Archeologists Find Pottery Linked To Lost Colony of Roanoke


Archaeologists have found two small pieces of pottery that could help crack the mysterious case of the lost colony of Roanoke on an island in North Carolina. The glazed blue, brown and white fragments are considered the most significant find in the area for over 70 years.

Found near a mound that's believed to have once served as a fort, researchers believe the pieces were likely once a part of a small medicine or ointment jar used to mix salves belonging to a medicine maker and colonist. 

Back then in the 16th century, different types of plants were used as cures for all sorts of medical conditions, such as syphilis. 

Around 1587, England sent explorer Sir Walter Raleigh to establish Roanoke as its first attempt at colonizing the New World; but the English government was slow to send supplies to the new colony. When supplies finally get there three years later, the colony was said to have been completely abandoned, save for a set of human bones and a carving that read, "Croatoan," a local Native American tribe.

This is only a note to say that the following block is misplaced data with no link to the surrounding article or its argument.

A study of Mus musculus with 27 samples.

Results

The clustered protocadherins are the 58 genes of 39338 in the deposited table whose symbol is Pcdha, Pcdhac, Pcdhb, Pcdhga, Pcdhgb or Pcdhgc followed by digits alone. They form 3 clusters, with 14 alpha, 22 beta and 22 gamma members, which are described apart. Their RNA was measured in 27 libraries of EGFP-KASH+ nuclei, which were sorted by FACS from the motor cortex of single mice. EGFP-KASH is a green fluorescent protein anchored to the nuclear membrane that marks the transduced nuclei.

Last year, a sword hilt and bowls, were discovered in the area — leading researchers to hypothesize that the vanished colonists had assimilated into the nearby native tribes. A competing theory suggests the settlers split up and settled about 50 miles inland near Buxton, North Carolina. 

"What's there and what these objects can tell us," Jami Lanier of the Outer Banks Group, told WTKR. "That's the most important value is the stories they can tell and they are pieces of the puzzle that can perhaps help solve the mystery."